For 20 years, the Rams were in St. Louis. It was where “The Greatest Show on Turf” was born and where they brought home the franchise’s only Super Bowl title.
But this past January, team owner Stan Kroenke (along with 29 other league owners), voted to move the team to Los Angeles (where they played for most of the 20th century). A city was left betrayed, heartbroken, and speechless.
On top of all of the above, there was never a true final farewell for St. Louis.
That is, until Isaac Bruce worked in conjunction with his foundation (http://www.isaacbruce.org/) to create an exhibition game featuring players from “The Greatest Show on Turf” as well as other Rams players from the early 2ooo’s to not only have all the proceeds from the event go to a great charity/foundation, but to give the Rams fans in St. Louis one final game full of memories, laughs, and even tears.
As each player and coach made their entrance, the applause got louder and louder. Players like Sean Landeta, Rich Coady, and Keith Lyle received warm receptions. But when the more well-known players and coaches such as Dick Vermeil, Torry Holt and Mike Jones started entering, the cheers got louder.
Enter Kurt Warner.
I personally stood right by the entrance, and felt the electricity brought just by the mere presence of Warner. The same can be said for the last player to enter the field: the man who organized it all… Bruce.
For some fans, this was a nice get together of legends. For others, like longtime Rams fans Jen and Rob Harper, this was much more.
“It’s good to see them back,” Jen said. “Them [the Rams] leaving left this city down, but it’s good to see all of these guys back”. “These are our memories, our players, and our city”.
“If I had to sum it all up in one word, it’d be this: nostalgia,” Rob said. “It’s also exciting to see the bob-and-weave back”.
Yes, the NFL could not penalize anything from this game. No Roger Goodell. No Kevin Demoff. And most importantly, no Stan Kroenke.
And yes, “Kroenke sucks!” chants were rampant during parts of the game.
During halftime, there was a ceremony to honor Rams legend and newly inducted Hall of Famer Orlando Pace. He rode around in a cart waving to the fans, then was interviewed on the sideline. It was clear how humbled the former tackle was, and how much the city means to him.
Vermeil’s White squad (with Marc Bulger at quarterback) defeated Mike Martz’s Blue team (with Warner) 56-49. There was hardly any defense, one of the best runners in the game was kicker Jeff Wilkins (yes, you read that right), and there were no special teams.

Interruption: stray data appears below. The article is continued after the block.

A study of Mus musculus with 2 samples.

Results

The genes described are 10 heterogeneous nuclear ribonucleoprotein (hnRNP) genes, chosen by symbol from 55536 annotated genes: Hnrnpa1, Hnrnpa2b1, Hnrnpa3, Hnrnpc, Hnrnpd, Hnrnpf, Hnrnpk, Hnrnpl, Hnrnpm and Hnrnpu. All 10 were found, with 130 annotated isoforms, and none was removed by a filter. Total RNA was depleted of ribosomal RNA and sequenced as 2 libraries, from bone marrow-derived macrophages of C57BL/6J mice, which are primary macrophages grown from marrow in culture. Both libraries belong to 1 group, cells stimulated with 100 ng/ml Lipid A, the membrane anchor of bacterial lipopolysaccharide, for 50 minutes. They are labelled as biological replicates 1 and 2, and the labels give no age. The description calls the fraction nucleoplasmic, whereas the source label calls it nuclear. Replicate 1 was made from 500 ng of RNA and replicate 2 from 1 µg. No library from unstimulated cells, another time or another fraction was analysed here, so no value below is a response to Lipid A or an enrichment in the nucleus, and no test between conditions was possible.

Despite all of that, it was an absolutely special time.
The crowd of 10,600 was smaller than anticipated by the Isaac Bruce Foundation, but the event was still deemed a success.
“Knowing the St. Louis fan, it shouldn’t have surprised me,” Vermeil said. “But I was a little concerned. I actually mentioned it to Isaac months ago, that you might get a negative reaction. You might not get what you want. It cost a lot of money (to organize). So for the fans to come and do what they did today shows you what class they have as a city.”
There were TDs on 15 of the day’s 17 total possessions. It was essentially the best offense fans in The Dome have seen in years.
“This shows how unimportant coaching is,” Vermeil said. “You see those quarterbacks throw the ball. It’s amazing.”
Warner and Bulger looked just as great on Saturday as they did in their primes.
The game was such a throwback that The Dome was referred to the “Trans World Dome” during the afternoon.
“It felt great”, Bruce said after the game. “There was no begging involved getting these guys together for such a wonderful event”.
While the plan was for the “Legends of the Dome” game to be a one-time event, both Bruce and NFL Hall of Famer Aeneas Williams both stated that it could be an annual event.
“I don’t see why not,” Bruce added. “It would definitely be a lot easier to organize.”
Editor’s note: I personally want to send my sincere thanks to the Isaac Bruce Foundation, Bruce himself, as well as all of the Rams players and coaches that came out to the game and gave a true farewell to St. Louis football. It means so much to so many people. We’ll always have the memories, both the good and bad, and “The Greatest Show on Turf” will forever be a part of St. Louis.